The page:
South Carolina is full of great success stories, but one most people haven’t heard of is Jobs for America’s Graduates-South Carolina, a high school dropout prevention program.
The program provides coaching and counseling during the school day to help young people in need finish high school, secure and keep a job or enroll in post-secondary education. Since 2009, South Carolina JAG students have graduated at a 97% rate — well above the state average of 85%.
Participants secure full- and part-time jobs at twice the rate of their peers. Female and minority participants secure full-time jobs at three times the rate of their peers. As a result, South Carolina’s Jobs for America’s Graduates program has been recognized as one of the highest-achieving in the country for the past 12 years.
This program works. It changes lives, and it sharpens our competitive edge.
Like the life of a McCormick High School student who entered the program while facing serious and repeated health problems, including an extended hospital stay. A Jobs for America’s Graduates specialist regularly visited him, provided encouragement, took him school assignments and eventually scholarship applications. With the help of this program, he was able to participate in a dual enrollment program, ultimately earning his diploma from McCormick High School as well as an associate degree from Piedmont Technical College. He is now enrolled at the University of South Carolina and plans to become a doctor.
Or the life of a Swansea student who lost her siblings in a car accident. During this time, she found support from a JAG specialist who helped her navigate the trauma and graduate. She went on to become a registered nurse and work at Prisma Health.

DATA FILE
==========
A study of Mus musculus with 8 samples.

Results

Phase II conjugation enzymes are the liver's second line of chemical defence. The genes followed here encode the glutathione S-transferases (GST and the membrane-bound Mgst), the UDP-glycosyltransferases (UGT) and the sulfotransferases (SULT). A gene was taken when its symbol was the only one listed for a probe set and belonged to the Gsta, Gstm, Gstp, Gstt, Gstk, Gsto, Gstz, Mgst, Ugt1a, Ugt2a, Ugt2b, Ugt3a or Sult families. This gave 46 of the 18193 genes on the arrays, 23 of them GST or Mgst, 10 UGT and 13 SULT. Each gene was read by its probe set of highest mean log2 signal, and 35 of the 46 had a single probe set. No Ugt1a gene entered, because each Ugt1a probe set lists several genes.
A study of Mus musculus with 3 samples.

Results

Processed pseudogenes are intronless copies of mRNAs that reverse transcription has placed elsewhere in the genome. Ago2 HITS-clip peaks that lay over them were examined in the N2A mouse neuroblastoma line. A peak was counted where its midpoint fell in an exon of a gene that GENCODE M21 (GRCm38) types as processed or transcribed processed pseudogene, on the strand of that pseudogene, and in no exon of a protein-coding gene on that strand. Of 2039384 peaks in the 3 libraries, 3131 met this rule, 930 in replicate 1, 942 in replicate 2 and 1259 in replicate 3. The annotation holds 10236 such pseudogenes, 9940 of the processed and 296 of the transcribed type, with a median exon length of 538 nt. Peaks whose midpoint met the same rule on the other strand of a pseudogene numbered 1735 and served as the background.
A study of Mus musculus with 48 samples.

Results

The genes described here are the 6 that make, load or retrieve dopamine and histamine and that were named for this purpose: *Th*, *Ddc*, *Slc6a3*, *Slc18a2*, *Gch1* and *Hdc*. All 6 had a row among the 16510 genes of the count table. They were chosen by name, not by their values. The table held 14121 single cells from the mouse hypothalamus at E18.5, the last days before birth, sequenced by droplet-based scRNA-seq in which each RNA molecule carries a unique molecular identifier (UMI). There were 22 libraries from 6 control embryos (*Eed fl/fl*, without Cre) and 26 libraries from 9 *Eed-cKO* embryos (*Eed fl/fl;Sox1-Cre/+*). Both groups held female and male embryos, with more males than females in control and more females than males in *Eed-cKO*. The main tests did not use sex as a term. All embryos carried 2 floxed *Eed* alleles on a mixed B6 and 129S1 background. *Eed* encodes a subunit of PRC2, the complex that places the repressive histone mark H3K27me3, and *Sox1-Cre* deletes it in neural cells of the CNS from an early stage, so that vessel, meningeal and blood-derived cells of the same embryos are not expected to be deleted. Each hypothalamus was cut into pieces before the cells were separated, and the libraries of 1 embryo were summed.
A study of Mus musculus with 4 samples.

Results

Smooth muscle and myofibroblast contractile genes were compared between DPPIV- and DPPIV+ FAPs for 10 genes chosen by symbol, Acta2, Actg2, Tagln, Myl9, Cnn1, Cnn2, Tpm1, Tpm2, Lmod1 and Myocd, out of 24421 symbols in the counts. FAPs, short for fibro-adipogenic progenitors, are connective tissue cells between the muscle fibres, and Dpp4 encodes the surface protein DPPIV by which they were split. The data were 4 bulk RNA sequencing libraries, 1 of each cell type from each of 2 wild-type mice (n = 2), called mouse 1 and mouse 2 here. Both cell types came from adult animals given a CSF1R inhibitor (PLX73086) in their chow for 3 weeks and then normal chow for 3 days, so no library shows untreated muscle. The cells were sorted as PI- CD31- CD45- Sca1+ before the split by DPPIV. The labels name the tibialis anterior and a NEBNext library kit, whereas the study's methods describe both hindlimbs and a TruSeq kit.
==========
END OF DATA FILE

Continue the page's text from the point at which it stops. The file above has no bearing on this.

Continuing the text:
Stories like these demonstrate the value of the program. Our young people have ability; all some need is a little help. It’s time to expand.
In July 2021, I invested $4 million from the Governor’s Emergency Education Relief funds into the program. I asked our state’s technical colleges to help expand the program, then in 15 schools, to 33. They did, and the results were remarkable.
This year, I have called upon the General Assembly to provide $3 million to increase the number of schools in the program to 100. The impact of the pandemic on student achievement makes this expansion even more timely.
Our S.C. Technical College System is now laying the groundwork for this new expansion by contacting school district superintendents across the state. Notably, Richland School District One recently committed to match my 2021 funding to implement the program in all seven high schools in the district during the next school year. This is exciting news for Midlands families and employees, including Scout Motors, which recently announced its investment of $2 billion for 4,000 of our people to build electric vehicles in Blythewood.
The Jobs for America’s Graduates program will be particularly important in the manufacturing industries through its collaboration with our technical colleges for dual enrollments, associate degrees and industry credentials. Jobs lead to careers.
For all these reasons, companies across the state are supporting the program. Boeing is funding an additional program in the Charleston area. McDonald’s, Honeywell and dozens of other S.C. employers are supporting it, too. Why? Because they have seen firsthand that the youth of JAG show up for work on time, are customer-service-focused, ready to work and learn and have a positive attitude.
South Carolina is booming. Companies around the world want to put South Carolinians to work. That means our education and workforce systems must be operating at maximum capacity, innovation and speed to continue beating the competition from other states.
I ask my friends in the General Assembly, our superintendents and business leaders to support this program as a part of our South Carolina advantage. The best is yet to come.
Henry McMaster is governor of South Carolina.